D-word: Mercedes-Benz has unveiled its first ever diesel SLK, but its Australian prospects remain fuzzy.

No firm Australian agenda as Mercedes-Benz introduces its first-ever SLK oil-burner

19 Aug 2011

MERCEDES-BENZ has issued details of its first ever diesel-powered SLK roadster ahead of its release in Europe next month, but the German luxury giant’s Australian subsidiary remains cool on the prospect of its introduction here.

Based on the third-generation SLK which will be launched here in petrol guise later this month, the SLK250 CDI uses the same beefy 2.1-litre turbo-diesel engine that serves various members of the bigger C-class and E-class range.

Technology like fourth-generation common-rail injection, two-stage turbo timing and a fuel-saving idle-stop system means that – like most modern performance-oriented diesels – the engine manages to combine greenness with ‘meanness’.

With 150kW of power and a muscular 500Nm of peak torque, the four pot oil-burner pumps out the sort of figures that defy its diminutive displacement.

Two BlueEfficiency petrol variants of the all-new SLK two-seater – the SLK200 and SLK350 – will be released in Australia later this month before being joined by the mid-range SLK250 and the stonking SLK55 AMG early next year.

Mercedes-Benz Australia/Pacific senior manager of corporate communications, David McCarthy, told GoAuto that while diesel variants sell well here in the E-class coupe and cabriolet, and should prove popular in the forthcoming C-class two-door models, the two-seat SLK is a different matter.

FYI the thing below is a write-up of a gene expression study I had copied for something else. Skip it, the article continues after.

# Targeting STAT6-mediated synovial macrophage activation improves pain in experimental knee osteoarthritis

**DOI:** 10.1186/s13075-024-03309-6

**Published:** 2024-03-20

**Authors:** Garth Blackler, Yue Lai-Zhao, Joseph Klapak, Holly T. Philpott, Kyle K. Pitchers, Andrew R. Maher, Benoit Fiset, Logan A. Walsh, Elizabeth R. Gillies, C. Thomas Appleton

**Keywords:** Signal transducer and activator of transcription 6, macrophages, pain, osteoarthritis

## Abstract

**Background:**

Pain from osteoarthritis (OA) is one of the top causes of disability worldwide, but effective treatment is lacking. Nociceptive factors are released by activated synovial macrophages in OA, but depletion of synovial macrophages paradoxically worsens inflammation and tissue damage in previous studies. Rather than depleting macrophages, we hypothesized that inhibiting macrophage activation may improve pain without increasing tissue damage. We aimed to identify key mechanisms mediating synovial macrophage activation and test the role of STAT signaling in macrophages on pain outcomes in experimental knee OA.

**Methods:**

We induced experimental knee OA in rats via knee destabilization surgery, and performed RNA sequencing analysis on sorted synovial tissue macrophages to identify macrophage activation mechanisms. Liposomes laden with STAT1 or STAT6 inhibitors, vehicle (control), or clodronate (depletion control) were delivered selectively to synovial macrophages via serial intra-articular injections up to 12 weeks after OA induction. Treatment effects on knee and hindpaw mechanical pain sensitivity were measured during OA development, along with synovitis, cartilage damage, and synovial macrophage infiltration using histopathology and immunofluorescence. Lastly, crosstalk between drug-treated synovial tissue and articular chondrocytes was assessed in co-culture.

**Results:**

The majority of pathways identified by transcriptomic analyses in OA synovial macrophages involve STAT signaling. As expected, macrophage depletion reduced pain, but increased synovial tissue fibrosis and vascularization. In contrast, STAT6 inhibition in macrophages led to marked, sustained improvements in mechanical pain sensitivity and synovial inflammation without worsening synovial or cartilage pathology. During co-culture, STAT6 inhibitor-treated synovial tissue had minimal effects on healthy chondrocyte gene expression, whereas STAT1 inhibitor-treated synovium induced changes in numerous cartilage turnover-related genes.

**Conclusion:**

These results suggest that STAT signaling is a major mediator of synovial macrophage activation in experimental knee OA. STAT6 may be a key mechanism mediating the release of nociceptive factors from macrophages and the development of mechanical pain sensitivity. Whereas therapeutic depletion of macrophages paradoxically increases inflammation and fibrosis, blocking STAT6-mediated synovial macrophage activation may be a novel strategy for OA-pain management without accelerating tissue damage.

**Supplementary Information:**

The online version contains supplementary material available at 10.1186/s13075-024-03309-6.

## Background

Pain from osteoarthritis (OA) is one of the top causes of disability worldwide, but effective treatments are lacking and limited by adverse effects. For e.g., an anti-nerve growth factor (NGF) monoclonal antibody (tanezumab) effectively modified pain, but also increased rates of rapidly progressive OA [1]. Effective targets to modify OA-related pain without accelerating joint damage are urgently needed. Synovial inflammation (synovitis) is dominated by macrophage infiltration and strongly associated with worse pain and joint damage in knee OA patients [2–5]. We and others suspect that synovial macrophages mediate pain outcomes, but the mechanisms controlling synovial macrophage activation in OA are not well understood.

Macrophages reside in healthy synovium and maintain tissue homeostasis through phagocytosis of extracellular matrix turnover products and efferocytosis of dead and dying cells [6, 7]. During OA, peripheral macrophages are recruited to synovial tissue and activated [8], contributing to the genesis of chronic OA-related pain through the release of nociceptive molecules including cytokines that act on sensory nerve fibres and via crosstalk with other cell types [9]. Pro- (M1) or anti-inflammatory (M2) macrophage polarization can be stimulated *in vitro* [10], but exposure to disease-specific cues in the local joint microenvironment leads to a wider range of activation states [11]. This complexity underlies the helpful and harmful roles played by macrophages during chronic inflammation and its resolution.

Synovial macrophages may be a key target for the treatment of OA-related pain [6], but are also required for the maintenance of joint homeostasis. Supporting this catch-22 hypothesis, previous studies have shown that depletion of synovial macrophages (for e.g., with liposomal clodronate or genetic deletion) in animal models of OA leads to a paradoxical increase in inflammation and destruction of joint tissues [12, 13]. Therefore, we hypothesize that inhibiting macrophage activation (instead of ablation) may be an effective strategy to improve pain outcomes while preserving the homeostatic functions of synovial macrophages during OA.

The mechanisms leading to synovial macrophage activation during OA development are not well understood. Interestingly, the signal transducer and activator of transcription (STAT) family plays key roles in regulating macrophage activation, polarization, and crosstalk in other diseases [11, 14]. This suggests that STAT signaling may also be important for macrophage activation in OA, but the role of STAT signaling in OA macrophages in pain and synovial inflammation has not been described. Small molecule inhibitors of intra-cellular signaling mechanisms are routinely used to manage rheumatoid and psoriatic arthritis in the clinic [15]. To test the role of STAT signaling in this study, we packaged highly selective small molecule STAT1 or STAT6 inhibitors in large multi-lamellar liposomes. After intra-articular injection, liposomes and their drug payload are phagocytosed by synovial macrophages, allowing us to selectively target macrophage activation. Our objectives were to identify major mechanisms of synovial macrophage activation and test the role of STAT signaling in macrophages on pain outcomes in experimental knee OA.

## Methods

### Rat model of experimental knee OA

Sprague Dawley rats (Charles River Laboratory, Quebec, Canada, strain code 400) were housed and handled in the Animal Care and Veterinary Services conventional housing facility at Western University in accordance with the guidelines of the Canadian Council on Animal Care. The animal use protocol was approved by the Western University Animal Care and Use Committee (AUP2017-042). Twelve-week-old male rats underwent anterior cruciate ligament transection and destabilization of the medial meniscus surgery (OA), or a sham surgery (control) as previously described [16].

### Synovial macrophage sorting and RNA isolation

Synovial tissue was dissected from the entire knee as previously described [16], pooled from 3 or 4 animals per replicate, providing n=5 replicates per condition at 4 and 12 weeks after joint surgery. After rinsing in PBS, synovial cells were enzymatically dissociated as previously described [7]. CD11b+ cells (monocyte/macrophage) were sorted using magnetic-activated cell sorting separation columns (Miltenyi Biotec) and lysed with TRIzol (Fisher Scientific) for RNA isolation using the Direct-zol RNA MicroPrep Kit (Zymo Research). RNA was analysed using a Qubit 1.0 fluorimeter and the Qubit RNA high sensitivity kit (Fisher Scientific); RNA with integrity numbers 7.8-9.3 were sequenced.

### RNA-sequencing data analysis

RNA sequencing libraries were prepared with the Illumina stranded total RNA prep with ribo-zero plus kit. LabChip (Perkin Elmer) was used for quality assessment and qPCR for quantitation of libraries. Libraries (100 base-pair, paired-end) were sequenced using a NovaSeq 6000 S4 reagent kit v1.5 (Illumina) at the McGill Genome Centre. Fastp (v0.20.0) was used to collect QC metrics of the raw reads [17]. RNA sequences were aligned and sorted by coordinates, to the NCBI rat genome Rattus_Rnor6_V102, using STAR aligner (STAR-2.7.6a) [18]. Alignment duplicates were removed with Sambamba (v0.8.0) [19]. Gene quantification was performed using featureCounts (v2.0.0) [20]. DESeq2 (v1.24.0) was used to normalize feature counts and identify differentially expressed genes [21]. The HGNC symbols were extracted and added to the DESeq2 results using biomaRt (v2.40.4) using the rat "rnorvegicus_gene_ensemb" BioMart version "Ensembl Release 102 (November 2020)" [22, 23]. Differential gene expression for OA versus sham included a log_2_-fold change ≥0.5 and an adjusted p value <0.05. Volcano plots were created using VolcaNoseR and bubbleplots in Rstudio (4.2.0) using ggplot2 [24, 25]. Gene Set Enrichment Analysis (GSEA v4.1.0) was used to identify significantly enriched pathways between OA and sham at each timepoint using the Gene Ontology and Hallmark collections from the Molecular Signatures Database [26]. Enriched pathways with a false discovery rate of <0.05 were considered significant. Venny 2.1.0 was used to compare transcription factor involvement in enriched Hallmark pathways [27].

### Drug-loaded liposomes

“(The torque) is the big attraction of the engine and the SLK is a pretty light platform. But it’s the noise that the engine’s going to make.” Mr McCarthy did not categorically rule it out, however, stating that: “I can’t imagine it would be before second quarter of next year if we said yes.” The SLK250 CDI roadster can sprint from 0-100km/h in a respectable 6.7 seconds on its way to a top speed of 243km/h. Overtaking should not pose any problems thanks the engine’s surplus of torque, helping the roadster bolt from 80-120km/h in a claimed 4.3 seconds.

Official fuel economy figures point to a meagre 4.9 litres per 100km on the combined EU cycle, while CO2 emissions are 128g/km.

The engine will be mated to the Stuttgart marque’s seven-speed 7G-Tronic Plus automatic gearbox at the European launch in September, before being joined by a six-speed manual option in 2012, though it is likely the car will be automatic-only if goes on sale here.

As with the rest of the SLK range, buyers of the 250 CDI will be able to opt for the brand’s panoramic vario-roof with Magic Sky Control, allowing for the roof to be changed from dark to transparent at the touch of a button.

The car can also be optioned with the Dynamic Handling package, which includes electronically controlled and fully automatic dampers, a Direct-Steer system and Torque Vectoring Brakes.

As GoAuto reported in June, Mercedes-Benz will lop a cool $10,000 from the starting price of the entry-level, petrol-powered SLK when it arrives in Australia.

The SLK200 BlueEfficiency will land in showrooms priced from $82,900 (plus on-roads), compared with $92,540 for the outgoing model, representing a 10.8 per cent cut.

The savings will be slightly less on the SLK350, with the new model – also now wearing the BlueEfficiency enviro-tag – arriving at $118,900, down $2160.

Pricing has been withheld for two more variants – the SLK250 BlueEfficiency (replacing the SLK300) and the AMG-enhanced SLK55 – which follow early in 2012.